Tensions Reach Boiling Point in Burundi as Political Upheaval Continues

June 30, 2016Burundiby EW News Desk Team


The world community watches Burundi closely, fearing ethnic tension would rear its ugly head amidst political turmoil. Burundi, Rwanda, and the Congo region have all suffered through Hutu-Tutsi rivalries, resulting in genocide and full-scale war.

Former Burundian leaders and members of the world community have long expressed concerns of another ethnic struggle in Burundi, but the UN report has highlighted certain events indicating the role of ethnicity in the ongoing conflict. For instance, the UN has reported that former Tutsi members of the armed forces have been murdered in the past few weeks, and state-sponsored youth group Imbonerakure has been accused of inciting hatred and instigating violence.

Critics charge that the youth group is a militia, but officials maintain that the organization is not a militia and has no weaponry.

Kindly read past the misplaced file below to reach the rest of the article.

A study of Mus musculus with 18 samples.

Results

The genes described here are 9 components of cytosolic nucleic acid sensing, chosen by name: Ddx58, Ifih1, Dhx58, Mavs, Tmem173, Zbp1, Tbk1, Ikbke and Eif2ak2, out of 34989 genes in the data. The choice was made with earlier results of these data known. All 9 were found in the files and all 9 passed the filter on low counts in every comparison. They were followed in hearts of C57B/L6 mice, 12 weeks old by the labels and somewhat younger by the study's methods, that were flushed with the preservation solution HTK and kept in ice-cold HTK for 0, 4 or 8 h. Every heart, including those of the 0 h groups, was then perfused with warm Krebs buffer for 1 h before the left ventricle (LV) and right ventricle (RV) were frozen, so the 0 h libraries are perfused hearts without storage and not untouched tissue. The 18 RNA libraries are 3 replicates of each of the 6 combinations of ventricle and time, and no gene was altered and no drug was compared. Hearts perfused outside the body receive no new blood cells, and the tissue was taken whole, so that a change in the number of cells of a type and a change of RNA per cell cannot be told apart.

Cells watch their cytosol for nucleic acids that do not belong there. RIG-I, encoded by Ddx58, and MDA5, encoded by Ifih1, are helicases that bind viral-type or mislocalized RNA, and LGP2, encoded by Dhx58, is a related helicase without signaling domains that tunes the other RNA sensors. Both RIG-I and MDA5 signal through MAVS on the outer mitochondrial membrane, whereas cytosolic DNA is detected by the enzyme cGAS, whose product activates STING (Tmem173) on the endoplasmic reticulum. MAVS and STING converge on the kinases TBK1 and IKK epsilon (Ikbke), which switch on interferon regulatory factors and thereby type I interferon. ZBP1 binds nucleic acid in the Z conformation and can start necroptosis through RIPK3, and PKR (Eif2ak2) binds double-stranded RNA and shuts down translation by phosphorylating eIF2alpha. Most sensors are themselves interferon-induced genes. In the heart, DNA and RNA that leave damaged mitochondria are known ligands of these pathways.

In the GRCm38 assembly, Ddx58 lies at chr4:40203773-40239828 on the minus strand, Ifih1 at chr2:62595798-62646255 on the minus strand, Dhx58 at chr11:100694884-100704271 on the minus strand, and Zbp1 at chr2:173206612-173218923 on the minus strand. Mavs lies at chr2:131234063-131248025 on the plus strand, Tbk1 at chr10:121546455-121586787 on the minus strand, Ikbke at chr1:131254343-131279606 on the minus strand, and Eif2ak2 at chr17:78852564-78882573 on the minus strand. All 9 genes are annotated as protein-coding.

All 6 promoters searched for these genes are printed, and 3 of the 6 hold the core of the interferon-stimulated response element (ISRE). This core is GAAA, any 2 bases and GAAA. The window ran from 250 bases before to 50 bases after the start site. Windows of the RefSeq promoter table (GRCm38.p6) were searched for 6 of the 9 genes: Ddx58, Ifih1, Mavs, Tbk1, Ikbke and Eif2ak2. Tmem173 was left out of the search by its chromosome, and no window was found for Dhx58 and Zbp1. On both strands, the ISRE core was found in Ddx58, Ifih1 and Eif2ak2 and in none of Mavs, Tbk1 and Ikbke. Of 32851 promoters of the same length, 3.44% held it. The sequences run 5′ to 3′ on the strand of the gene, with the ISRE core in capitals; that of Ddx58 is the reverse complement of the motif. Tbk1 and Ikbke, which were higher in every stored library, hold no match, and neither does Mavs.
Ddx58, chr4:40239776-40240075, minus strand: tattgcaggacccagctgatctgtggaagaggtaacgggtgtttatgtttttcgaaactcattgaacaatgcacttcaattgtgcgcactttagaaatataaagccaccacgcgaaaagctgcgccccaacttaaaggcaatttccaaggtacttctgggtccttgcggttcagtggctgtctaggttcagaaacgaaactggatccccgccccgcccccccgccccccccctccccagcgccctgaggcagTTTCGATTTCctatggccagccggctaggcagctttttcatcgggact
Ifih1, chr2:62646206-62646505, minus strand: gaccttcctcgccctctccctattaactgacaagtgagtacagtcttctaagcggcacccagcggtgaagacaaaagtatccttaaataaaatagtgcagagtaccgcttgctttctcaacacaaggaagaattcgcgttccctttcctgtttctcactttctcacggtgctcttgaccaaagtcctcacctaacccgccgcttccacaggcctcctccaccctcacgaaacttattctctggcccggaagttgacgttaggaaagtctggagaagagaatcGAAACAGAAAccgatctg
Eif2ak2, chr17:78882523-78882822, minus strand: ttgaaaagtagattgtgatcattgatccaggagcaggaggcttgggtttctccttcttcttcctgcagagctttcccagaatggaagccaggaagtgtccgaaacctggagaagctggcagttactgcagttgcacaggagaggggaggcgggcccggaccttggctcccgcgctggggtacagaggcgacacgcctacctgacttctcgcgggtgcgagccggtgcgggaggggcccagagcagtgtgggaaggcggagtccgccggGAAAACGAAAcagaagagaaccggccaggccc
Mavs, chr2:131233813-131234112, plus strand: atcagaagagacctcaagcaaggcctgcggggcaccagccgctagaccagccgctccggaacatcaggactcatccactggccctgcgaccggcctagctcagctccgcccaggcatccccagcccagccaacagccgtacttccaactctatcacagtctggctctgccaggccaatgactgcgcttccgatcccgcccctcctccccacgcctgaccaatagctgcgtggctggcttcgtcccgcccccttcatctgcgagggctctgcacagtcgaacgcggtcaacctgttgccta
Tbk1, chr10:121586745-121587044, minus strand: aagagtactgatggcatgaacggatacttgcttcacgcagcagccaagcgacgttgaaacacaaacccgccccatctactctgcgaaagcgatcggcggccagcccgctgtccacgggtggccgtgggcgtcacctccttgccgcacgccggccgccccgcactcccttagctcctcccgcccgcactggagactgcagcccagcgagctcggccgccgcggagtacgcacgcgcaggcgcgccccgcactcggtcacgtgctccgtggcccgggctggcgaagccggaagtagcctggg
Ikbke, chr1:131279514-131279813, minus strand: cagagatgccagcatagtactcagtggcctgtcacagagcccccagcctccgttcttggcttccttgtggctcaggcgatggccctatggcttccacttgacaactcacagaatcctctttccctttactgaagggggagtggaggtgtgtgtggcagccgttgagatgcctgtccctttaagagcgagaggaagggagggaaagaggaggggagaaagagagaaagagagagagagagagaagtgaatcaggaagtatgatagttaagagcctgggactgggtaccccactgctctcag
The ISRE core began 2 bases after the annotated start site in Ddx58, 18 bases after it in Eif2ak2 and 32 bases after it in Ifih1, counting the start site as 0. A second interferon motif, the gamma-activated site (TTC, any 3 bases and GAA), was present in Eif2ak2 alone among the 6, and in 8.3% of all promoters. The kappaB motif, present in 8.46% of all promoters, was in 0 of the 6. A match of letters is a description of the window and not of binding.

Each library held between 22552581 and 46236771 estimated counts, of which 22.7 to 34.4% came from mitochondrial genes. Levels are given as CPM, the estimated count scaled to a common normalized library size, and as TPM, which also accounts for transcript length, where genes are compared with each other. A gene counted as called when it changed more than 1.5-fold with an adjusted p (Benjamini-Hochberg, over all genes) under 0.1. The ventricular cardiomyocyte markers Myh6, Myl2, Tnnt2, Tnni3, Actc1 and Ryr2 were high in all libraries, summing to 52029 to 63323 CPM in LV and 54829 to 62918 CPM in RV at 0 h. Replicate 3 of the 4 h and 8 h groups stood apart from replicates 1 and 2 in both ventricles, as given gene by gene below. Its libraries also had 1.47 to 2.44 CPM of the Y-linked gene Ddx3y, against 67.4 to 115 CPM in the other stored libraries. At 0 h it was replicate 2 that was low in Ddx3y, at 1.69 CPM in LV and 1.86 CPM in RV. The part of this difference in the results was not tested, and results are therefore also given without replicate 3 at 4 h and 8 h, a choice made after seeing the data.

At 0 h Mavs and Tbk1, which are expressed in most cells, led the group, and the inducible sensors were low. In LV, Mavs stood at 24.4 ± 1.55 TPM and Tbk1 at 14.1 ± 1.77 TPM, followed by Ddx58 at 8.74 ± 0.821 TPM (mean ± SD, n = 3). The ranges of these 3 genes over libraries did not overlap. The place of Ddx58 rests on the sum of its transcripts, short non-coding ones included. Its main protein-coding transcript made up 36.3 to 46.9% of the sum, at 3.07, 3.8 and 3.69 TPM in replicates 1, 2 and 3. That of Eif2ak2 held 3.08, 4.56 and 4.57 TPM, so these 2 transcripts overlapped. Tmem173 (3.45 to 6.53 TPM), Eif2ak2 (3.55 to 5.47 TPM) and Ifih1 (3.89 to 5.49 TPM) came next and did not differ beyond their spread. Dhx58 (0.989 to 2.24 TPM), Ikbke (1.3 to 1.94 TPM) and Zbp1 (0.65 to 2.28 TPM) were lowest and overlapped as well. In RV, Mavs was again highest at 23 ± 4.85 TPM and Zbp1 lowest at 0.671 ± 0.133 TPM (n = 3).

Moreover, leaders dismiss the UN’s claims entirely, claiming that the organization and other world powers seek to upend the president’s administration. With that, there is no denying that the government is the primary driver behind the violence, as mass graves have been discovered via satellite, and numerous political opponents have been assassinated.

Opposition leader Jean Minani and his faction are open to peace talks, but a resolution has failed thus far. Political opponents counter that the state is not willing to agree to terms because they are the primary aggressors, which also stems from hardline officials who are unwilling to compromise. The opposition, however, has taken part in the violence as well, with eyewitness reports claiming that rebels have launched attacks against soldiers using grenades.  

As both sides combat one another, over 250,000 Burundians have fled to next-door countries in search of refuge, and the economy remains in tatters. The hostile climate has scared away many investors and donors, and the crisis has contributed to a food shortage that will lead to rising food prices, notes IRIN.

Further, revenues have plummeted, and officials have reported that tax collection has tanked due to the political crisis. With that, the government claims that the economy will grow 3.5%as the security situation improves. Currently, such a view is an overly rosy estimate as peace talks make little headway, especially as the violence shows no sign of abating.